Bay of Plenty Regional Council: Resource Consent Numbers
Bay of Plenty Regional Council Releases Resource Consent Numbers
Friday 8 August 2014
The Chairman of the Bay of Plenty Regional Council, Douglas Leeder, announced today that the Council had received in excess of 150 submissions from the public on the Application made by the Astrolabe Community Trust to leave the remains of the MV Rena wreck in situ on Otaiti (Astrolabe Reef). Submissions closed today at 5 pm and the Council said it would make all submissions public once each of them had been checked.
“We hope to have all submissions received loaded ontowww.renaresourceconsent.org.nz by Monday of next week,” Mr Leeder said.
The Council also released its own submission which had been lodged by 5 pm today.
“It is likely that the Applicants intend to seek a direct referral to the Environment Court and they have until Friday 15 August to request that referral. Our submission preserves our rights to be an active participant should the Application be referred. That way we can also advocate on behalf of our residents, separately from our statutory responsibility to prepare our technical report advising the Court,” Mr Leeder said.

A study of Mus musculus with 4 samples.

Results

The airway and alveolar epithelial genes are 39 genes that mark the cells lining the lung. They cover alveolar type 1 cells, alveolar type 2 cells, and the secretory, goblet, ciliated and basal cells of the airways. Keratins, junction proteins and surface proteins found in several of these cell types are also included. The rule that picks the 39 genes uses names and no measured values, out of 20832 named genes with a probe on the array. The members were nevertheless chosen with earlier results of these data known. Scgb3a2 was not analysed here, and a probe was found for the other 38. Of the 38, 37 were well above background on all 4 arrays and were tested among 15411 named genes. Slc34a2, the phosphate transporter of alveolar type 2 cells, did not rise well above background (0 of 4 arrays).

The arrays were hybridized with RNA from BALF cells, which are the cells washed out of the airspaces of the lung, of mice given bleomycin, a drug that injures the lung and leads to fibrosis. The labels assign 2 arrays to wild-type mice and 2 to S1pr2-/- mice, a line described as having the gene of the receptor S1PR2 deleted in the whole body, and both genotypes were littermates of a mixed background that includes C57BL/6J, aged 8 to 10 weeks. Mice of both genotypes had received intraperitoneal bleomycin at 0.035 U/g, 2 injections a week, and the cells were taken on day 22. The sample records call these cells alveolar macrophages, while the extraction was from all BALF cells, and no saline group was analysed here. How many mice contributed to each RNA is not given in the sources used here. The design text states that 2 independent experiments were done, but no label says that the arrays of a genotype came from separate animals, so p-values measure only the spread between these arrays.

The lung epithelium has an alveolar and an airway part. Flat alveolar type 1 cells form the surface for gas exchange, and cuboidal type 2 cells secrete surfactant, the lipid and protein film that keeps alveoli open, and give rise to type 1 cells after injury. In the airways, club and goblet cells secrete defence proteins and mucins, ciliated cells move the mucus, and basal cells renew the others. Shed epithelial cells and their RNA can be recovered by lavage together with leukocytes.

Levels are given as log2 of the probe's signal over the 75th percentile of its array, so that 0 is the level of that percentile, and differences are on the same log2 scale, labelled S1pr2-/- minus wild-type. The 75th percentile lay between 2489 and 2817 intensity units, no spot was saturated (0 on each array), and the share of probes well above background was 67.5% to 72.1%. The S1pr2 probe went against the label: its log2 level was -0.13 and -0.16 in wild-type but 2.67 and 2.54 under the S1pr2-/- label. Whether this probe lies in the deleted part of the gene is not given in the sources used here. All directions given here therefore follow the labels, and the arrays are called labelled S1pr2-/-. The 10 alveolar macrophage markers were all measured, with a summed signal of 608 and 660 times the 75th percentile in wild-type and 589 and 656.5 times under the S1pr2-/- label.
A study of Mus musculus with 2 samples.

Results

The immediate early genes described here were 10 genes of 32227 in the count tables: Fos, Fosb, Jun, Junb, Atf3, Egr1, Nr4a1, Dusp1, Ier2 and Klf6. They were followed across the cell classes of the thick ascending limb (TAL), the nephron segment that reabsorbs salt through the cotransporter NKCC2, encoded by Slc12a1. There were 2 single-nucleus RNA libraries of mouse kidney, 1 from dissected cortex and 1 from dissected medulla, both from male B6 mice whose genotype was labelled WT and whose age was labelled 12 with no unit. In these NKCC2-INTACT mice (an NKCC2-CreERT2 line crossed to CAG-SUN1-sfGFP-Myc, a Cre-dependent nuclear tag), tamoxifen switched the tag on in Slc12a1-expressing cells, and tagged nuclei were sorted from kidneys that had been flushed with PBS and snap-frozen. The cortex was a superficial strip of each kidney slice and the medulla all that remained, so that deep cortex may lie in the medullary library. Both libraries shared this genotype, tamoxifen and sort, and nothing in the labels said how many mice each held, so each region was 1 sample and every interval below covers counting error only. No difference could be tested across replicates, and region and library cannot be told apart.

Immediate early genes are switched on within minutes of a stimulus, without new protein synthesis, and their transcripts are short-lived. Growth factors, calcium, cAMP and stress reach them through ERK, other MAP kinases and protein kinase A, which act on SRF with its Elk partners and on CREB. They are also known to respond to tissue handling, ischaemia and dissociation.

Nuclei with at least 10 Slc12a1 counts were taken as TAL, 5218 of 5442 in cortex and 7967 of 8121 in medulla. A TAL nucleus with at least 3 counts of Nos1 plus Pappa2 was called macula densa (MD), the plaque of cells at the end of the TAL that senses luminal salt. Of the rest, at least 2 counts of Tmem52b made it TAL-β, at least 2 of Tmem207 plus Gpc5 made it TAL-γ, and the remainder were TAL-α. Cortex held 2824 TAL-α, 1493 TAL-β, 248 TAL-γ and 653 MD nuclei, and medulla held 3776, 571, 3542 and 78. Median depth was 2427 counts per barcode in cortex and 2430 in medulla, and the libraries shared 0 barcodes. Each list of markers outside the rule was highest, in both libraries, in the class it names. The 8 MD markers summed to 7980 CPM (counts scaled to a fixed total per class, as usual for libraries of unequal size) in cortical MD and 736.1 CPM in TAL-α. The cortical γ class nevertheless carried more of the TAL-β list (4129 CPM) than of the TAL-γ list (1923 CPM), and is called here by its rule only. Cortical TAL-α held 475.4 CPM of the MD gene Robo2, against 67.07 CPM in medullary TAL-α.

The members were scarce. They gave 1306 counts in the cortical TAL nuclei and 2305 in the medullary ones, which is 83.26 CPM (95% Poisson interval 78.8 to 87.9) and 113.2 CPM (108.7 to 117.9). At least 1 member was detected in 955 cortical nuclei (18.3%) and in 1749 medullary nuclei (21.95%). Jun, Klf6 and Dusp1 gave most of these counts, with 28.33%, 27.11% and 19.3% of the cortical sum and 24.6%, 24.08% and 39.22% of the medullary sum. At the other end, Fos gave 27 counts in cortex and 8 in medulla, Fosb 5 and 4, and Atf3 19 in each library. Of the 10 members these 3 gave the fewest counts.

In its submission the Council has focused on seeking stringent consent conditions should the consent be eventually granted by the Consenting Authority, but has not taken a stand in favour of or against the Application for Resource Consent.
“We want to ensure that any consent conditions imposed are robust and that we carry out our statutory obligations under the Local Government Act 2002 and the Maritime Transport Act 1994.”
Mr Leeder also noted that the ongoing programme of work to clean up the debris field would take a considerable period of time, regardless of the outcome of and time taken by the consenting process.
“This work will continue as we move to the next stage of the resource consent process, which is the compilation and summary of the submissions received. If the Application becomes a matter for the Environment Court, then the role of our Council as regulatory authority is to be an adviser to that Court.”
Mr Leeder said that following any Application received to refer to the Environment Court, the Council would have 15 days to consider the referral and a further 20 days to get its technical report finalised.
“This is a lengthy process but it is necessary to ensure that all submissions receive careful consideration and attention, “ he said.